We invite you to take part in the March of Remembrance, 22 July 1942. As every year, we will pay tribute to the victims of the great deportation. We will remember, in a special way, the Jewish refugees and deportees from cities and towns in occupied Poland and Europe, who died in the Warsaw Ghetto due to hunger and disease, or were killed in Treblinka in the summer of 1942.
Warsaw, 1940-1941, gate at the Żelazna Street/Leszno Street intersection. Jews displaced from towns near Warsaw are waiting to enter the ghetto. Photo by unknown author, JHI collection
Warsaw ghetto wall on Bonifraterska Street, 1940-1942. Photo by unknown author, Ringelblum Archive, JHI collection
Warsaw ghetto, Leszno Street, June 1941. Photo by Willy Georg, JHI collection
Every fourth person in the “Jewish district” was forcibly displaced from cities and towns such as Łódź, Płock, Sochaczew, Sierpc, Góra Kalwaria, Piaseczno, as well as from Berlin and Hamburg. The refugees lived in the worst conditions and were the first to be sent to Treblinka.
The March will start on July 22 at 6.00 p.m. at the Umschlagplatz Memorial in Warsaw (10 Stawki Street, on the corner of Dzika Street) and will follow the symbolic route ‘from death to life’, which will end at Stare Nalewki Street – this is where the center of Jewish Warsaw was located before the war.
The March will conclude with a concert prepared by the cellist and arranger Michał Pepol in collaboration with Sława Przybylska, a legend of the Polish music scene. As every year, the participants of the March will carry symbolic Ribbons of Remembrance with the names of murdered Jewish deportees and refugees. On Stare Nalewki Street an open-air exhibition devoted to their memory, designed by Jan Strumiłło, will be on display until 1st September. We have planned accompanying events around the installation – details will be provided soon.
2022 marks the 80th anniversary of the beginning of “Operation Reinhardt”, a plan of genocide of Polish Jews, prepared and carried out by Nazi Germany. Until the end of the operation in November 1943, the Germans murdered nearly 2 million Jews from the General Government, the Białystok region, and other European countries: Czech Republic, Slovakia, Greece, former Yugoslavia, as well as Germany and Austria.
The main extermination camps were Bełżec, Sobibór, Treblinka, and Majdanek, where people were murdered with gas. Thousands of Jews were also shot in the streets of the ghettos and died of lack of water and air during transportation. As a result of “Operation Reinhardt”, most of the large Jewish communities in occupied Poland ceased to exist.
March of Remembrance, 22 July 1942 – beginning on 22 July 2022, 6:00 pm CET
Organizer: the Emanuel Ringelblum Jewish Historical Institute
Route: Umschlagplatz Memorial – Stawki Street – Andersa Street – along Krasiński Garden – Stare Nalewki Street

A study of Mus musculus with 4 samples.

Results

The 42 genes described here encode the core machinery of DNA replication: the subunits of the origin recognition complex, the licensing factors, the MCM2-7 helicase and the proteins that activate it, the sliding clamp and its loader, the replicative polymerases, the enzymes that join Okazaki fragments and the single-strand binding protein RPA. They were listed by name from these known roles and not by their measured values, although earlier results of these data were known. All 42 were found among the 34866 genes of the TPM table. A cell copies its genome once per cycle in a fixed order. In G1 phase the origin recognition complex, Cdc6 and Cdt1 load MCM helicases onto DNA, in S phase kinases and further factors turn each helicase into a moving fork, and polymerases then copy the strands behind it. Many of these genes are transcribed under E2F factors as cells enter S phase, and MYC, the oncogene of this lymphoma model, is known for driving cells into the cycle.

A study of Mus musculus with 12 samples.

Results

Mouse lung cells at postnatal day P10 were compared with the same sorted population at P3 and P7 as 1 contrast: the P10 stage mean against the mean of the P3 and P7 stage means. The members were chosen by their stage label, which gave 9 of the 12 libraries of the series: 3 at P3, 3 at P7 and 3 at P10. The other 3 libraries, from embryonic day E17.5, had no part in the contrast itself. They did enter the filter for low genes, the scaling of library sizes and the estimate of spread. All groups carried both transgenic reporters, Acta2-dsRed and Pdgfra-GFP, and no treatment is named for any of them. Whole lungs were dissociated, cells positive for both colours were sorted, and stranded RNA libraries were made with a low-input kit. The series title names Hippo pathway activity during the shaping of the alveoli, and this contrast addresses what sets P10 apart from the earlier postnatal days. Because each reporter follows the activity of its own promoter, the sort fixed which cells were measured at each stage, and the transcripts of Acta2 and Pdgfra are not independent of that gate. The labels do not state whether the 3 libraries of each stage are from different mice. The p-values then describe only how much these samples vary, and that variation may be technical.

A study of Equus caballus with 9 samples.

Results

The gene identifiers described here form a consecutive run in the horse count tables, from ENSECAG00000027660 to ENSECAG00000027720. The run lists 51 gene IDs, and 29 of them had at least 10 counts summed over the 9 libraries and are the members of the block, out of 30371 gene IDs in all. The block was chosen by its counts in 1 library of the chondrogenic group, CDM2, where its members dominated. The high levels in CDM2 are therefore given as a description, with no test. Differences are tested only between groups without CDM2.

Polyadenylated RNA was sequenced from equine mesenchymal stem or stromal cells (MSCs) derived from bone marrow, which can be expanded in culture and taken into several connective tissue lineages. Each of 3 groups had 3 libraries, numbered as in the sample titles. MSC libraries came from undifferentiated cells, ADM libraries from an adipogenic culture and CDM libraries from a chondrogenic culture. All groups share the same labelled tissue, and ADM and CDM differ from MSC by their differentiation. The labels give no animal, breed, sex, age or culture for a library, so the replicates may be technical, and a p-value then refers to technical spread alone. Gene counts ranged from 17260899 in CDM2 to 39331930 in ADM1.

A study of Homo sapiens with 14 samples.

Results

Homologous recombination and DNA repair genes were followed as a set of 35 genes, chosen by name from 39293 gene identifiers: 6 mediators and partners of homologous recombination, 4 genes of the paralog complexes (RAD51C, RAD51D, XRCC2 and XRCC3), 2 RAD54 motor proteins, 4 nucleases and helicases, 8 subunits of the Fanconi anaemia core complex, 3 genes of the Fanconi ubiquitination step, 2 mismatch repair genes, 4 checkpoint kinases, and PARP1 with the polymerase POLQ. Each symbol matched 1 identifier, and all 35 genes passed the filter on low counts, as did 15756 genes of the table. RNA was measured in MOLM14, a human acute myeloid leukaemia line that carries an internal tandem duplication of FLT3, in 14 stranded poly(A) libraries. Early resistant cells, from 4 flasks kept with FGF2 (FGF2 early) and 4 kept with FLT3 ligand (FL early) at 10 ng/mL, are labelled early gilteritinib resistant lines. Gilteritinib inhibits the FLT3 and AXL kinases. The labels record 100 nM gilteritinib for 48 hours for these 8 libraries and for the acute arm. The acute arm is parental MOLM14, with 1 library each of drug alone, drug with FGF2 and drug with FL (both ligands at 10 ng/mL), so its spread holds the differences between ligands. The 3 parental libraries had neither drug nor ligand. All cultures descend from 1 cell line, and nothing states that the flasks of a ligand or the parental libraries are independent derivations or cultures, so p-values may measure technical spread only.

Volunteers will give out the ribbons containing names of murdered Jews.
Commemoration of the 80th anniversary of the extermination of Jews as part of the German Operation "Reinhardt" is under the Honorary Patronage of President of the Republic of Poland Andrzej Duda
The March of Remembrance is under the Honorary Patronage of the President of the Capital City of Of Warsaw
Forum for Dialogue
The Mazovia Institute of Culture
Warsaw Ghetto Museum
Socio-Cultural Society of Jews in Poland
Polskie Radio Program II
The project entitled "Organization of the events March of Remembrance and commemoration of the Holocaust in Treblinka" co-financed by the Minister of Culture and National Heritage
The project is financed by Iceland, Liechtenstein and Norway from the EEA Grants and the Polish Ministry of Culture and National Heritage
What was the great deportation?
On July 22, 1942, began the so-called liquidation action of the Warsaw Ghetto. According to German announcements, the Jews were to be "relocated to the East". Every day 3,000 to 8,000 people were deported to Treblinka from the Umschlagplatz in Warsaw; 300,000 Jews were led this way during the 46 days of the "operation".
Only a handful of those led onto the trains managed to jump out and saved themselves. Few refugees from Treblinka returned to Warsaw and provided information about gas chambers, but this did not stop the deportation. Jews were murdered not only by gas, many died from lack of air while being transported in overcrowded cattle cars.
A few months later, on April 19, 1943, in the face of the inevitable extermination, the Jews decided to fight for honor and a dignified death, arms in hand. After almost a month of fighting, the uprising was suppressed by the German occupant, and Warsaw was recognized as a city "judenfrei" – free of Jews. Since 2012, the Emanuel Ringelblum Jewish Historical Institute organizes the March of Remembrance on the anniversary of these tragic events, commemorating the largest Jewish community in pre-war Europe.